Campaign promotes children’s rights with workshops, theatre


A campaign is underway to raise awareness of the rights of children, whether in the home, on the street or being illegally trafficked from one place to another.

Child on the Move aims to prevent child abuse, domestic violence, human trafficking and child homelessness, with a particular focus on the issues of those children who are in transit or lacking stable accommodation. It brings together United Against Child Trafficking, an organisation based in Mae Sot, Thailand; Equality Myanmar; and Burma Against Child Trafficking.

U Ye Yint Naung, a member of United ACT, said the Child on the Move campaign is part of a larger movement to address the needs of one of the most vulnerable segments of the population.

“It is not a new issue,” he said. “But part of the principle of the [UN] Convention on the Rights of the Child [CRC] mentions protecting children on the move. We want to highlight the point.”

Preparation for the project began in June and it was launched in September. Running through to ASEAN People’s Forum, scheduled for March 2014, the project includes a training program on the CRC, talks, workshops and seminars in cooperation with government sectors and civil society organisations.

Whether looking at forced or voluntary movement, the program breaks down the issues facing children in transit into three areas of study: the child’s starting point, their life on the move, and their final destination.

“We need to do more research on the root cause on why children are moving, their struggles and danger on the way, and whether their final destination ends with success or failure. From there we can make better approaches to fixing the problem,” U Ye Yint Naung said.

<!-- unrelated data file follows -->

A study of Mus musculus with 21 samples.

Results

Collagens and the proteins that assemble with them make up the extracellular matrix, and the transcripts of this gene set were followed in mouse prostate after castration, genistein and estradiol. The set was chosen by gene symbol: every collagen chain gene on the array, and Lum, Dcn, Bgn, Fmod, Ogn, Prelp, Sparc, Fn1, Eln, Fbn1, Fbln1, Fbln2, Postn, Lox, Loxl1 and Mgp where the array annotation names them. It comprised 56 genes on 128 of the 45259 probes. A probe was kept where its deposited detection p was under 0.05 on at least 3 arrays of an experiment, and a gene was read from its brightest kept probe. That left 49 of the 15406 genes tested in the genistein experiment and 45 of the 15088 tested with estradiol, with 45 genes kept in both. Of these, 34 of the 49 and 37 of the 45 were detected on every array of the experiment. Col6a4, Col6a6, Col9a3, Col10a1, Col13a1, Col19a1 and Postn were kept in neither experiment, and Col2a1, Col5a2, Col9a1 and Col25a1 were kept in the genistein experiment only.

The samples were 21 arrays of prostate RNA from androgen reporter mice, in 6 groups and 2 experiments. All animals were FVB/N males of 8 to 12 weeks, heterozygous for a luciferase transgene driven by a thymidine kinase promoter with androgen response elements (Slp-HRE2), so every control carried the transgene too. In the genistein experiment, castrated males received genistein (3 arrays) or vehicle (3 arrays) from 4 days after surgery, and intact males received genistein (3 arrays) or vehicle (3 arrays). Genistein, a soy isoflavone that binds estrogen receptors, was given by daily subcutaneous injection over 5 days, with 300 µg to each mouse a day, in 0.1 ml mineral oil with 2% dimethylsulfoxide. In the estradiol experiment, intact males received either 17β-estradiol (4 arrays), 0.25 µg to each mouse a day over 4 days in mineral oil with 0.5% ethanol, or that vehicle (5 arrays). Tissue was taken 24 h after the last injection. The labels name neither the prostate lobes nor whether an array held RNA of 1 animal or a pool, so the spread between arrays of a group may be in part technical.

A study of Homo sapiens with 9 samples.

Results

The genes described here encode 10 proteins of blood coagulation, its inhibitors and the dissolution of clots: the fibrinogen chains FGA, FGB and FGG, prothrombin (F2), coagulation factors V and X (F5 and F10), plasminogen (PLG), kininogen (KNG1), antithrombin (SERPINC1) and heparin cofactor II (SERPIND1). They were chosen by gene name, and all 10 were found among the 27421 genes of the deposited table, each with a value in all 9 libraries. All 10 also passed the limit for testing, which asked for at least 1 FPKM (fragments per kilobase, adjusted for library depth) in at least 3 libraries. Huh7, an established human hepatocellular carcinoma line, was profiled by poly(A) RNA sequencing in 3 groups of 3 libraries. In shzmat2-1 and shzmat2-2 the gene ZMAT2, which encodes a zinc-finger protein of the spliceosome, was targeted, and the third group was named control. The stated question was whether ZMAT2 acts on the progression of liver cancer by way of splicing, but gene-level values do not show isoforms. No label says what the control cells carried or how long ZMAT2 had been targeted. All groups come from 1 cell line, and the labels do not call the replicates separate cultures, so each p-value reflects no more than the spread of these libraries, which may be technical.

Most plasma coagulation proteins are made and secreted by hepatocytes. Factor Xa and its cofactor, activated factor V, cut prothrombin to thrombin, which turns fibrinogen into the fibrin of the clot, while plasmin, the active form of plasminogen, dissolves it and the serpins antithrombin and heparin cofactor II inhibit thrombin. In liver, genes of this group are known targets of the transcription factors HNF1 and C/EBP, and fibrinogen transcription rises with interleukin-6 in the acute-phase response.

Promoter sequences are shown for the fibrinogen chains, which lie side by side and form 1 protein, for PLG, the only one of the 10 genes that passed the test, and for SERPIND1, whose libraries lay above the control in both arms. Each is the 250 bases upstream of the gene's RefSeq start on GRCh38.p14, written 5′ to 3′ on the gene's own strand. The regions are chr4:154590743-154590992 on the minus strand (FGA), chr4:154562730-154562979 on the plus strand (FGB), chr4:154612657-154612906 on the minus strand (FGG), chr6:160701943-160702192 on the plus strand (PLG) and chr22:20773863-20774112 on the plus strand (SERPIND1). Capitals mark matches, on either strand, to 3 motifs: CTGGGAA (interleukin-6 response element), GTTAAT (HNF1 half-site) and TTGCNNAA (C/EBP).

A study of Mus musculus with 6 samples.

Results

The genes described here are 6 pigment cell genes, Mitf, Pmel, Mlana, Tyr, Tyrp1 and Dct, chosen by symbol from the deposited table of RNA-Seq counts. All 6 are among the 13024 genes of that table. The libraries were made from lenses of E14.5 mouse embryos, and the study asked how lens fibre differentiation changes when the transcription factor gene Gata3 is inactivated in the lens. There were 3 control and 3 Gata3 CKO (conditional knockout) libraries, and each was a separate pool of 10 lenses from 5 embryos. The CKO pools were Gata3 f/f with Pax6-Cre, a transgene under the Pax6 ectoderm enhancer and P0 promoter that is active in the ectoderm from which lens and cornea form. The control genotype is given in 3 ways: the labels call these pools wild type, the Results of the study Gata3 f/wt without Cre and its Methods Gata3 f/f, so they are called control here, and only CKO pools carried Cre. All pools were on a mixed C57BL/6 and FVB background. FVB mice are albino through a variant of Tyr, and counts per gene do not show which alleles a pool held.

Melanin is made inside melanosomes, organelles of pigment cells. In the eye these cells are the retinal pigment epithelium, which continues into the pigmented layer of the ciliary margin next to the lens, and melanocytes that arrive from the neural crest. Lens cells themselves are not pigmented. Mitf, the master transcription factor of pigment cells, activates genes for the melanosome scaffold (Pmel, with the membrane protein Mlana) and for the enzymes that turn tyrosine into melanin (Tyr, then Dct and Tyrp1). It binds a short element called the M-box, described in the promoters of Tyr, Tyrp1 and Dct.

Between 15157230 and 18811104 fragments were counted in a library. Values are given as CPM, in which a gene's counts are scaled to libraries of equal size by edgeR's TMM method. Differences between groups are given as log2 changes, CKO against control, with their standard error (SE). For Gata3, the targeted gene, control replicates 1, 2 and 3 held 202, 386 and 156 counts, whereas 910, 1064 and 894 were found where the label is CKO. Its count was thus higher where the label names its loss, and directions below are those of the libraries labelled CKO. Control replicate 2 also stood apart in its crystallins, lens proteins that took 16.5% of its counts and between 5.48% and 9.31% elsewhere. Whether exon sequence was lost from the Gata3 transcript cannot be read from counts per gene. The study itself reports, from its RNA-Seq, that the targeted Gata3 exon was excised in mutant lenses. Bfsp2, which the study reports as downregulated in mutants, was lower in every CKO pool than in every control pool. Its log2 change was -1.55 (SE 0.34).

He said many children moving from one place to another face physical or emotional abuse whether they are alone or travelling with family.

One part of the campaign, called Destination Unknown, will let children’s voices take centre stage – literally. The organisations are seeking 25 interested children to participate in a play designed to spread knowledge about the issues in an entertaining way.

Training will be conducted during October, with experienced facilitators sharing information about the CRC as well as leading the children in acting, singing and making decorations. The play will be recorded on video and presented on a number of significant dates, including International Children’s Day on November 20, International Anti-Human Trafficking Day on December 12 and International Migrant Day on December 18.

The group will also perform live in Yangon in a number of townships, including Shwe Pyi Thar, Hlaing Tharyar, Mayangone, Dawbon and North Dagon.

Daw Kyi Phyu of Burma ACT said the activities aim to send a message to government sectors that they must strengthen implementation of the convention.

“We will try to cooperate with government officials in every department to share awareness on CRC and help to implement it as much as we possibly can. We want them to know that they are responsible for children on the street and [those who are at]risk of human trafficking,” she said.

She also said it is not enough to simply round up children from the street for their own protection.

“Removing street kids doesn’t mean putting them in prison. It is not the right solution to this issue.”

The organisations involved in Child on the Move plan to raise the issue of children’s rights at the ASEAN People’s Forum, to be held in Nay Pyi Taw in March 2014.